The “Off” Season

This has been shamelessly taken from the very enlightening and entertaining blog of Chuckie V.  He once raced here in Springfield back in the mid-90s.  He was just as funny back then, only with better hair.  The below excerpt is very pertinent to the foursome in the most recent podcast. (The four suckers with an Ironman on their schedule)  So… without further ado:

“Off” Season Recommendations…

Okay, it’s now officially the “off” season here in North America, or at least it is here in the US (Ironman Cozumel takes place down near Cancun this weekend) and I thought I’d jot down some of the more important considerations for the Ironman-focused triathlete. If you have an Ironman on your “To-Do” list in 2010, listen up! (My To-Do list? Write To-Do list…). Anyway, race day will be here before you know it, so…

1) STAY ACTIVE. The vital aspects are to…

  • -Keep some semblance of fitness going all winter, whether it’s specific to triathlon or a partially-related form of cross-training (hiking, snowshoeing, skiing, mountain biking, weight-lifting, pogo-sticking, shoveling snow, scraping windshields, lawn-bowling, curling, etc)
  • -Work on your specific weaknesses (athletes who train how they need to always beat athletes who train how they want to)
  • -If you’re an Ironman athlete be sure to keep your weekly long run(s) going. Of all the workouts necessary for a solid Ironman performance this is the toughest on the human body; it is also the toughest (and riskiest in an injury sense) to reintegrate after a prolonged lay-off. Bottom line: no matter what, keep running.

So, if you’re a pathetic swimmer living in a winter environment (weather forecast: sh!tty) you need to work your swim this winter once and for all, all the meanwhile maintaining a weekly long run (90+ minutes) and a few “filler” workouts that get you out the door when it’s necessary (and it’s always necessary when lofty goals stand in the way). If it’s moving a bunch of chrome-plated weights around, then by all means move a bunch of weights around.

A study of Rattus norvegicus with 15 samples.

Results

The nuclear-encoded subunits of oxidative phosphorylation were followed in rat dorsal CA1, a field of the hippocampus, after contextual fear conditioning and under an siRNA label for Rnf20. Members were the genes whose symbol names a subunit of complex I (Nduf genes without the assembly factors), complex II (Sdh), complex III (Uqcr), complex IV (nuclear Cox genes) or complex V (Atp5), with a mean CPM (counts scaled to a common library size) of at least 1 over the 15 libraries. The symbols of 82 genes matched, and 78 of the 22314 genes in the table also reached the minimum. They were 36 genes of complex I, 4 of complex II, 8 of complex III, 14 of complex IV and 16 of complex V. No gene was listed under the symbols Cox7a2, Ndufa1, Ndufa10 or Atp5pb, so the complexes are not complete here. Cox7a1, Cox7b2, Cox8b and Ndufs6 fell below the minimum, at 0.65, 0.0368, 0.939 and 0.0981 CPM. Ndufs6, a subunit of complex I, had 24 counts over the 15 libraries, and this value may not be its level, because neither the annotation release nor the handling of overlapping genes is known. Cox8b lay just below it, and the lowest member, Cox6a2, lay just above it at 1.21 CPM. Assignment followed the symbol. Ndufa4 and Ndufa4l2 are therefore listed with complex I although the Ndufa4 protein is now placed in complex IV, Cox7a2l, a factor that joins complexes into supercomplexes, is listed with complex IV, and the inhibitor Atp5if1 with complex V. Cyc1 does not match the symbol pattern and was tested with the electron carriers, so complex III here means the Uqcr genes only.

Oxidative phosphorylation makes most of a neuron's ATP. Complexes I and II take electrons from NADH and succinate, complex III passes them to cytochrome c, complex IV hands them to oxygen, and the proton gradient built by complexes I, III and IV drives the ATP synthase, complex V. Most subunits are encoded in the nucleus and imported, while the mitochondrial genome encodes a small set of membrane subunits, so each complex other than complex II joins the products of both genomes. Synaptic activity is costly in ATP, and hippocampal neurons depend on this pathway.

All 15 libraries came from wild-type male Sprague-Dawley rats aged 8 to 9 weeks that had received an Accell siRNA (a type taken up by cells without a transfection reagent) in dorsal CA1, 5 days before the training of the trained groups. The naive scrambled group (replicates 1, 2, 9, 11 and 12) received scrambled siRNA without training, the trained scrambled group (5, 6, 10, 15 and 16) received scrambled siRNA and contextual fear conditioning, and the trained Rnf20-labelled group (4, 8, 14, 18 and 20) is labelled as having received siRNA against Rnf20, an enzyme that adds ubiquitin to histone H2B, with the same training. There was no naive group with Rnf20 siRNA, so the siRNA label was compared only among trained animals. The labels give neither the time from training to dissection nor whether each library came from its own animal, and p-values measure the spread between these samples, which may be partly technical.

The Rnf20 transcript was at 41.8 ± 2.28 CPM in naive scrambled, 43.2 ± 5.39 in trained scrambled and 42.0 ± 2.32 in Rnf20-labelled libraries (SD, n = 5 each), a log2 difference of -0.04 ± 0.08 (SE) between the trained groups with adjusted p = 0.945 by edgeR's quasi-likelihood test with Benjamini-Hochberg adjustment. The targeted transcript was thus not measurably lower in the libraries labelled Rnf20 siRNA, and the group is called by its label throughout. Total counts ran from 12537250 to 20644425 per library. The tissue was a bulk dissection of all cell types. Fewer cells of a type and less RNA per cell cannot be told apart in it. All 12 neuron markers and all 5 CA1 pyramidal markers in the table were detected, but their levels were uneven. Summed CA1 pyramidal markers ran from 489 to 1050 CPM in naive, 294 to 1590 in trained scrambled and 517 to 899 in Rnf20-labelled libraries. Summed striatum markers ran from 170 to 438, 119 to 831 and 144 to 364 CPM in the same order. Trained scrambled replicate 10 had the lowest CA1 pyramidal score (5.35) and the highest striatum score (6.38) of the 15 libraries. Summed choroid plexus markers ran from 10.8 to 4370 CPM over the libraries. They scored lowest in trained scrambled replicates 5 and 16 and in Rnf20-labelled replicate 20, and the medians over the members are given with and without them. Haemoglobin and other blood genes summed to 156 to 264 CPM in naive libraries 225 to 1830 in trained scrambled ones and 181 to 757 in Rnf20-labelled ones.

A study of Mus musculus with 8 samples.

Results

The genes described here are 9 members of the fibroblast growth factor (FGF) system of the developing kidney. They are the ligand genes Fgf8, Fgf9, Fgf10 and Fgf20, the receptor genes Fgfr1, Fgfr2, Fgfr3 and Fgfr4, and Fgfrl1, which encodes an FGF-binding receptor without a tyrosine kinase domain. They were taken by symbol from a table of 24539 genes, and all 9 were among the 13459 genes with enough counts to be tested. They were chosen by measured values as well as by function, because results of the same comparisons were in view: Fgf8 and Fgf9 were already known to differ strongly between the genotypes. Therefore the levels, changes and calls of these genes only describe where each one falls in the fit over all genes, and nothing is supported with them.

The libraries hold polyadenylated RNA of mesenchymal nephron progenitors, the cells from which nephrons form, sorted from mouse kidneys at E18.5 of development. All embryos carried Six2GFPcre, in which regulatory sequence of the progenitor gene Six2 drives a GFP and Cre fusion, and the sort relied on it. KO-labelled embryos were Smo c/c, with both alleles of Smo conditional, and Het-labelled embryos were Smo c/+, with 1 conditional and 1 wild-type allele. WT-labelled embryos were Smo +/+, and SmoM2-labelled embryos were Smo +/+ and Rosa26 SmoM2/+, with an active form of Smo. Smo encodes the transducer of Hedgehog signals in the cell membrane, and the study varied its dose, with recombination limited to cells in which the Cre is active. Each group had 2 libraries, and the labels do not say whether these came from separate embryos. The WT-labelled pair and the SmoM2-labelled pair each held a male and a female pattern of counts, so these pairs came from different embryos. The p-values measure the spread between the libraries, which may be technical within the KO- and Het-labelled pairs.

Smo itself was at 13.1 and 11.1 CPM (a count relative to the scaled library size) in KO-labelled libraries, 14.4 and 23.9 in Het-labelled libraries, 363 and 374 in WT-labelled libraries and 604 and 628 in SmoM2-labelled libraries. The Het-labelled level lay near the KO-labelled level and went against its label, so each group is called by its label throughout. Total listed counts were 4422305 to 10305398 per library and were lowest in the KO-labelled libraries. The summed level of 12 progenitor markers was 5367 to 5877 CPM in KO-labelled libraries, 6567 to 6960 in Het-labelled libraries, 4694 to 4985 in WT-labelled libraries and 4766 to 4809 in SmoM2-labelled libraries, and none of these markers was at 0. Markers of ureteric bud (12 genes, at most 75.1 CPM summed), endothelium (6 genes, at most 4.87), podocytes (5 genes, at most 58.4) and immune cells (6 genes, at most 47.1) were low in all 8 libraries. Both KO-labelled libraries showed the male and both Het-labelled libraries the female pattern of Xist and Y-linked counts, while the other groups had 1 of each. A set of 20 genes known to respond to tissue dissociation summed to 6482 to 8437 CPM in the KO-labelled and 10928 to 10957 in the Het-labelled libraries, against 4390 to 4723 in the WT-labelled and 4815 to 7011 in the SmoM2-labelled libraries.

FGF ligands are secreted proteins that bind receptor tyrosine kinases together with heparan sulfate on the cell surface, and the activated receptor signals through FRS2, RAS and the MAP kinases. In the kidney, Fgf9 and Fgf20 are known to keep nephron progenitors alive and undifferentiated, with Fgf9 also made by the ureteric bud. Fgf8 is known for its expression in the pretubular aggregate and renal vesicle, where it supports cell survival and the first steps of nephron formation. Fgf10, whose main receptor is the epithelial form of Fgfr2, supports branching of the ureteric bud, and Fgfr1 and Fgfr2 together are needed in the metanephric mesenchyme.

But about those weights. If your first (or big) race is in May (Ironman St George, for example), you’ll want to do workouts that are increasing more like that particular race, to try to meet the demands presented to you that day. Lifting weights is, no doubt, a workout, and it’s better than doing nothing. But if you’re already a thickly-muscled guy who can out-lift those kicking your ass on race day (e.g., I’m willing to put money down that almost every male age-group triathlete can out-lift Chrissie Wellington or Jordan Rapp but yet they’re nowhere near the same zip-code as either of them on race day; never mind that NO ONE was near Jordan this weekend. Here’s your next American Kona winner, if you care about all that red, white and blue crap) well, then you need to reshape not your pecs but your priorities big guy, or else you’ll always have those same excuses or comments I was forced to hear after this weekend’s race in Tempe…

“Nutrition…” (the ubiquitous scapegoat excuse)

“Oh, man, I know I can do better than that…”

Well then, do so tough guy! Train by doing what the race asks of you, not what your feeble ego tells you to do. And though now is not necessarily the best time to go do some open-water swimming or long-ass bike rides (unless you desperately crave frostbite or hypothermia) it is a good time to rewrite the wiring in your head. Your head is ultimately what runs the show and until you get it screwed on right you’ll always be required to dish-out those same lame excuses post race. The clock doesn’t care about you. Nor does the race. So rewire yourself before time runs out. Winter—just like spring, summer or fall—is a good time to do what’s needed.